At the end of this year, tax cuts approved by George W. Bush are set to expire. If nothing is done, the top two income tax brackets will revert back to 36% and 39.6%, up from 33% and 35% currently. Capital gains and dividend tax rate changes also lie in the balance. Right now, politicians are fighting over whether to let the cuts expire or to maintain them. There could also be other changes, such as letting them expire for wealthy individuals, such as those who make more than $250,000 per year.
Those advocating extending the cuts believe that letting them expire will hurt economic growth. There doesn't appear to be clear-cut evidence, however, that lower personal tax rates help the economy. For starters, rates have already been low and they didn't help prevent the financial crisis or speed up the recovery from the Great Recession.

A recent study by the Congressional Budget Office showed that economic growth during tax cuts implemented by Ronald Reagan in 1981 and through the Tax Reform Act of 1986 didn't stand out from the growth that the economy experienced when Bill Clinton raised taxes in 1993. The Bush tax cuts around 2001 also took place during a weak economy and didn't do much to help it recover.

Bloomberg Businessweek cited a 1989 study entitled "Budget Deficits, Tax Incentives and Inflation: A Surprising Lesson From the 1983-1984 Recovery" that also found the Reagan tax cuts weren't the main reason for strong economic growth in the 1980s. Instead, it found that expansionary monetary policy was the primary reason for the growth. Tax changes more favorable to businesses were also seen as a reason for the strong growth.

Corporate Tax Rates
It does appear that changes to corporate tax rates have a stronger ability to influence economic growth than changes to personal income tax rates. Both presidential candidates are currently advocating lowering the corporate tax rate in the United States. It officially stands at 35%, which qualifies as one of the highest in the world, though actual rates paid by businesses are much lower due to deductions and the ability to conduct business outside of the U.S. where rates can be much lower. President Obama would like to lower it to closer to 28%, while Romney would like to be more aggressive and lower it closer to 25%.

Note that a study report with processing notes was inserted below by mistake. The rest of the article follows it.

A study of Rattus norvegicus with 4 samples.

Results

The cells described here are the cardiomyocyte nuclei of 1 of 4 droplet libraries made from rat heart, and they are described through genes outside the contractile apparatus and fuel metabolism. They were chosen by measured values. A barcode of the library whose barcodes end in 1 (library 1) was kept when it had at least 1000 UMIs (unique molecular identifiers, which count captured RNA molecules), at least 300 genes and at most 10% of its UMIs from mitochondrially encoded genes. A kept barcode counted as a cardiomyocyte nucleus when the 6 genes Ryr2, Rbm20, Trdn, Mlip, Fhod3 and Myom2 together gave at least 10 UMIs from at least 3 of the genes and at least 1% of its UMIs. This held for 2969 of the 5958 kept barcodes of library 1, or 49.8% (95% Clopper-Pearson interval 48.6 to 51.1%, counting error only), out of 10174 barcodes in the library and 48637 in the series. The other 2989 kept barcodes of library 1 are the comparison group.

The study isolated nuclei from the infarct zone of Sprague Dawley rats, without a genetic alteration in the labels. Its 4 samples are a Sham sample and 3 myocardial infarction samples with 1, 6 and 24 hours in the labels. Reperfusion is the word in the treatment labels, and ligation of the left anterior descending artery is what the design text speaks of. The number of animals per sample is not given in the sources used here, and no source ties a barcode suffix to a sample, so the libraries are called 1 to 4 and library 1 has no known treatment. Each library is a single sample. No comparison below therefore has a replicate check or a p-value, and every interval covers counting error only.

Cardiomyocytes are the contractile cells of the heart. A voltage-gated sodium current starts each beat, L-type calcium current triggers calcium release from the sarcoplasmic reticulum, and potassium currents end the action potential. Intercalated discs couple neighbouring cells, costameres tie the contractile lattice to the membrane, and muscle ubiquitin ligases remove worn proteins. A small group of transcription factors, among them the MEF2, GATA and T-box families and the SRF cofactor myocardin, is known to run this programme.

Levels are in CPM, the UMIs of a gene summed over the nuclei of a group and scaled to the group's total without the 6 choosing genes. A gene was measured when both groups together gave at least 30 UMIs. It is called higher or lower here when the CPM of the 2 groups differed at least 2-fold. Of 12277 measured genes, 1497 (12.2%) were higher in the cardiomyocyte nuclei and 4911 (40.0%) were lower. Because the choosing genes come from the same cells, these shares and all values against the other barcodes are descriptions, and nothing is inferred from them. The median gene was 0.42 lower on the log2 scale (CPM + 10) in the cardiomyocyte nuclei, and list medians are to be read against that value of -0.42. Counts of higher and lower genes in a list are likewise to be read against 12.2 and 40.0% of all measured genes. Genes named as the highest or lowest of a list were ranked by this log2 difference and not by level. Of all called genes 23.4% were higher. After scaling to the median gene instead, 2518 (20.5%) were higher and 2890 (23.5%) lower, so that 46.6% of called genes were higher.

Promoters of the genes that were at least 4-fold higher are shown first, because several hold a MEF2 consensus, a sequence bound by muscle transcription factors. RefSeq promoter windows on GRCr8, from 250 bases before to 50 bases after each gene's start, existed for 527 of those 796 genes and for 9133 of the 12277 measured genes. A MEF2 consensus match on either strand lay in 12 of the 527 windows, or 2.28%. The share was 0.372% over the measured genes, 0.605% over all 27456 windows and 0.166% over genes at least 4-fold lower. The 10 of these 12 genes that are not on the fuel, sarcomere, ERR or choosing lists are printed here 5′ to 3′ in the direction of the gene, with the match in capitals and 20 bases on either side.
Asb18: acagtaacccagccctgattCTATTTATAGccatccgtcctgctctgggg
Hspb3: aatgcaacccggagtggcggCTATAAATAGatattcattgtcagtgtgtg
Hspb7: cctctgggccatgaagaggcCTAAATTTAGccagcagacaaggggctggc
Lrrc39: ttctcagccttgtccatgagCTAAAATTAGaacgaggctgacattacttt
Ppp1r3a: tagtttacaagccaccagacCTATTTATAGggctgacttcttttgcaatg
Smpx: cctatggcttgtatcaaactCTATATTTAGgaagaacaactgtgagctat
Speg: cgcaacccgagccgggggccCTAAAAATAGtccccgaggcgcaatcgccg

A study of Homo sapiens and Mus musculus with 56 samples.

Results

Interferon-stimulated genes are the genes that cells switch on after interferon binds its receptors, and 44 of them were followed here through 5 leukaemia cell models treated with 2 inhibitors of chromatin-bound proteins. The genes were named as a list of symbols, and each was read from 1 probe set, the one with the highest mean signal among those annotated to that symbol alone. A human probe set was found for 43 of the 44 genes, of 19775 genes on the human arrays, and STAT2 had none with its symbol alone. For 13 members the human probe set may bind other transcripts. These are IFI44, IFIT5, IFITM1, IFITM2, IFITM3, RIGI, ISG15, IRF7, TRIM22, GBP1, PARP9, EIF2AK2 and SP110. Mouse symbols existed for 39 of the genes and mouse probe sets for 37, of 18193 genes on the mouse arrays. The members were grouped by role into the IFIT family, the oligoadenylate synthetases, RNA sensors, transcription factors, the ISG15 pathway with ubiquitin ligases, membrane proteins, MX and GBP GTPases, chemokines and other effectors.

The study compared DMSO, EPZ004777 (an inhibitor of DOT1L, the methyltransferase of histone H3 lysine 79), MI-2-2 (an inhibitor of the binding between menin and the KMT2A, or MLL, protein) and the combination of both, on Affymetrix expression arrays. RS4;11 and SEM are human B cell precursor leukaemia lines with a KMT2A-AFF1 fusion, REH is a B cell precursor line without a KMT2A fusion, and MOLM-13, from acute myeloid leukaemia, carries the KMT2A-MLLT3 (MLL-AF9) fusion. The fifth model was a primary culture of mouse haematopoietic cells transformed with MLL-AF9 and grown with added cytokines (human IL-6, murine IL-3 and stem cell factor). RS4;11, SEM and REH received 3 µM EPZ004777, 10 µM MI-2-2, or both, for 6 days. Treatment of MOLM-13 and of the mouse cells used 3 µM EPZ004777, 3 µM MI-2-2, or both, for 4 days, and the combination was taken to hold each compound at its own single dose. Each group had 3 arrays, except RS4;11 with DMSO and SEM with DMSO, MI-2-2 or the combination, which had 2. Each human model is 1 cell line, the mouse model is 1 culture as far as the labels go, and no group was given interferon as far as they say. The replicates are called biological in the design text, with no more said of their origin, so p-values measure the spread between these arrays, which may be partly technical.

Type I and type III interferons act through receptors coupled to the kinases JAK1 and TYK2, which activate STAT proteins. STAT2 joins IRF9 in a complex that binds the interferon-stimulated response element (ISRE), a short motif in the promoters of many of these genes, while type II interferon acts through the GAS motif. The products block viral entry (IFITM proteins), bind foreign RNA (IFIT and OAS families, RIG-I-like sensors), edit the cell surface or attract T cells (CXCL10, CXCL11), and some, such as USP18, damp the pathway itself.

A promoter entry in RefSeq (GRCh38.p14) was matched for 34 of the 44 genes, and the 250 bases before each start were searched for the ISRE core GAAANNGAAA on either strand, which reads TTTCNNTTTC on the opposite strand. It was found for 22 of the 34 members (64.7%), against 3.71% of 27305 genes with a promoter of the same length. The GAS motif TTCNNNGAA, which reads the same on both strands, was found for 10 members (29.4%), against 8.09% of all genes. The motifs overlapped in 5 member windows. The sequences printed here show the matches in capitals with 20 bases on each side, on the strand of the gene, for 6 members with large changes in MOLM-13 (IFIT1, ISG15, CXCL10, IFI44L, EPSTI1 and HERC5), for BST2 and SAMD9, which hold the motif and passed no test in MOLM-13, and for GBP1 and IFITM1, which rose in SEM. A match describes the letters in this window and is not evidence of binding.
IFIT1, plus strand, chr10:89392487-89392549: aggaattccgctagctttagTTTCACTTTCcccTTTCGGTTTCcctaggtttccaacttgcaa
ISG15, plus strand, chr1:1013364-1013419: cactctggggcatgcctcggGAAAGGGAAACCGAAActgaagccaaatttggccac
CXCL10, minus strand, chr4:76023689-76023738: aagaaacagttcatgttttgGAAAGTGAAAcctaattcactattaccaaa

As the 1989 study cited, lower corporate tax rates can help spur investment. It is pretty clear that a lower domestic tax rate could encourage businesses to return to the U.S. or at least start investing at home more aggressively.

A final consideration was a U.S. News study that looked at tax rates and growth among U.S. states. One of its findings detailed that, between 2001 and 2010, states with the highest tax rates experienced among the strongest economic growth in the country. It found little evidence to suggest that "low rates lead to prosperity," at least when it comes to individual state personal income tax rates and growth or income levels among the respective states' residents.

The Bottom Line
It appears rather clear that changes to personal tax rates in the United States have little impact on economic growth. Raising them may help shore up tax revenues, but the impact on federal coffers or economic growth looks to be minimal. The same goes for either extending or cutting personal tax rates. Based on the evidence, politicians may want to focus more on lowering corporate tax rates and other business-friendly reforms. The Federal Reserve is doing all it can to maintain an expansionary monetary policy, which has helped spur economic growth following past downturns.